June 15, 2022
by: AIA New York
Dwight Burdette via Wikimedia Commons.
Dwight Burdette via Wikimedia Commons.

The 2022 New York State primary elections are around the corner. Races for governor and for the State Assembly are still scheduled to be held on June 28 as originally planned; however, a federal judge moved the congressional and state senate primary date from June 28 to August 23 due to drawing of congressional districts.

For this election cycle, AIA New York, AIA Bronx and AIA Brooklyn prepared and circulated a questionnaire to assess positions of candidates relative to the advocacy interests of our members and architecture more broadly. An advisory team of members reviewed the submitted questionnaires and have highly rated Chris Lebron, who is running for the 75th New York Assembly seat, and Adam Roberts, for State Assembly District 73. We encourage all members to vote in their respective districts.

In addition, in April, the State Legislature and Governor agreed to the Fiscal Year 2023 NYS Budget. Despite its name, the NYS Budget includes legislative items that do not directly affect the state’s finances. Often, these policies are included in the budget because they are too controversial to pass individually as bills. Debate over some highly divisive issues, such as the proposed Buffalo Bills stadium, significantly delayed the budget’s passage.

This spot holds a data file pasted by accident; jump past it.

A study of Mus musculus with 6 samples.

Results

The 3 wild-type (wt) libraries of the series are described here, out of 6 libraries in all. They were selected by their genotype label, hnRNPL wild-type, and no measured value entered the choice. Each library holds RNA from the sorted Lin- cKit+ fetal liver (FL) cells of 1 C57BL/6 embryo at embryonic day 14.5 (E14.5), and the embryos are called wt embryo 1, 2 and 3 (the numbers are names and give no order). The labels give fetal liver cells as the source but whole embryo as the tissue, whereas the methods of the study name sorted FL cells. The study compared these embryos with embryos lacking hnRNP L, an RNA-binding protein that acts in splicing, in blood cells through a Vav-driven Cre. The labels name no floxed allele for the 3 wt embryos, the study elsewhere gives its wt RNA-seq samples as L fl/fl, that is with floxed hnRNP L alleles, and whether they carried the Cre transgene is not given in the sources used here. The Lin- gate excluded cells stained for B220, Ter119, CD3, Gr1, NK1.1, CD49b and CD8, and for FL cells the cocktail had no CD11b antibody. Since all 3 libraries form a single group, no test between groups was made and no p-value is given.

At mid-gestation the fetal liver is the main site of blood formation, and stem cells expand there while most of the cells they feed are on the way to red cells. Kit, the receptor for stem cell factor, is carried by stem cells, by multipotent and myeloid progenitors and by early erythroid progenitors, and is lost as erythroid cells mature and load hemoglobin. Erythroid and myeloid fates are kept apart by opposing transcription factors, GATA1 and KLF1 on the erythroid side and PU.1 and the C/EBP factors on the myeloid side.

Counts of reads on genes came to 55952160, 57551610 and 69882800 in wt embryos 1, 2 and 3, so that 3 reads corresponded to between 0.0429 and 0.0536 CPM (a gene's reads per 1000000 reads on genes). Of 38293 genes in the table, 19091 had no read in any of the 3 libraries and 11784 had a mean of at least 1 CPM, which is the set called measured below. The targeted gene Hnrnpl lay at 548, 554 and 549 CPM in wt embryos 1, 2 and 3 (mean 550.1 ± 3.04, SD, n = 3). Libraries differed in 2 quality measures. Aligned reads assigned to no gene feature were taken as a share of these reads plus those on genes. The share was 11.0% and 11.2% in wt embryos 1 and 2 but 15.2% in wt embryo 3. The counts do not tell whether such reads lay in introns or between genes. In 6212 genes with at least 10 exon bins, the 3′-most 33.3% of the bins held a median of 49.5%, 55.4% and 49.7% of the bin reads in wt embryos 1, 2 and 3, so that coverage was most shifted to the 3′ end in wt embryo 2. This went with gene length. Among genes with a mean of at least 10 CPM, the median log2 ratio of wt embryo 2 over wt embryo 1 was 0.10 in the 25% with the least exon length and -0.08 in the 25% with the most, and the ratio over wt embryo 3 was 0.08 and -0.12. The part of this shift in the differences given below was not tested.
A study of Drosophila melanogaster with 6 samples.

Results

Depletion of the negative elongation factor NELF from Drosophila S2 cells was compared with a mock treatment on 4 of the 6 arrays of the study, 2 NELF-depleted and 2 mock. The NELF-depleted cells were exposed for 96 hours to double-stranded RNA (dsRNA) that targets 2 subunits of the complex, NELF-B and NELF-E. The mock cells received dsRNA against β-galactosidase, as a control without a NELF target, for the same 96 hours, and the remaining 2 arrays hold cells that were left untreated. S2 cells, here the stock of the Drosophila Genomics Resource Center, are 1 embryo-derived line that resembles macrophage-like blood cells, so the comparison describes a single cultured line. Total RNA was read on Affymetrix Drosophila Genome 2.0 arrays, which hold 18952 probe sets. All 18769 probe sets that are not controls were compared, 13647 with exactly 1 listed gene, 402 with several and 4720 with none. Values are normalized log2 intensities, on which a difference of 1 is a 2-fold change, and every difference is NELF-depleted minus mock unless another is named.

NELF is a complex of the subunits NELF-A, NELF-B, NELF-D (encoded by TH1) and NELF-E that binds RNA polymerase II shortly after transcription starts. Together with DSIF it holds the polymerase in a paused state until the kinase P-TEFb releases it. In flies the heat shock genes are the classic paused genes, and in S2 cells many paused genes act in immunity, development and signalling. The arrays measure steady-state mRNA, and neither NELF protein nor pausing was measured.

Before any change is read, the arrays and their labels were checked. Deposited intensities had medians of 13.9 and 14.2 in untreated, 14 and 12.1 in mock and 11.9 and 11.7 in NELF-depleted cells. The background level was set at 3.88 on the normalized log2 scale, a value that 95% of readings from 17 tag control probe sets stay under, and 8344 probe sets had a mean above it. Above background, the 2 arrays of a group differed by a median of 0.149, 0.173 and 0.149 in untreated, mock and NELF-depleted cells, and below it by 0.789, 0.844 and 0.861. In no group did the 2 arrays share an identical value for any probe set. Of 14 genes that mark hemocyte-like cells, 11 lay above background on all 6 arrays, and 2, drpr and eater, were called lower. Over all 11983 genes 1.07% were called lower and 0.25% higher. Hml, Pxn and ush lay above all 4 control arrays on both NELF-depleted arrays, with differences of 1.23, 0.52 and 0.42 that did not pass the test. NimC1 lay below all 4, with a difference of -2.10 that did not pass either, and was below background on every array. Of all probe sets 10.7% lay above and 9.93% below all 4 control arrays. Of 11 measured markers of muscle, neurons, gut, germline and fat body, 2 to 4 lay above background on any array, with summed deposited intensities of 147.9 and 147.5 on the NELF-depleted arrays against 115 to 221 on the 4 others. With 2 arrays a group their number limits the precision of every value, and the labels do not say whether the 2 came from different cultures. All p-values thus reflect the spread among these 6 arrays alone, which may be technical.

This also meant that major proposals were left out of the final budget, pushing them to be debated at the end of the 2022 legislative session last week. Many of these issues were critical to the practice of architecture. The most notable bill supported by AIANY that was passed was the NYCHA Housing Trust, which will be critical to ensuring NYCHA gains the funding and procurement flexibility it needs to provide a decent standard of living for its residents.

Meanwhile, two bills supported by AIANY did not pass: the All-Electric Building Act (A8431/S6843) and the ADU legalization bill (A9802/S8783). Both were seriously debated and are likely to resurface in Albany next year.

Other major legislation related to architecture, but for which AIANY did weigh in, also failed to move forward. This included an extension of the 421-a tax exemption and Good Cause Eviction (A5573/S3082). 421-a had significant support from the real estate and construction industries while Good Cause Eviction was strongly opposed by both. AIANY will continue to keep its members updated over the course of the summer and fall as new legislation is prepared to be introduced in Albany come 2023.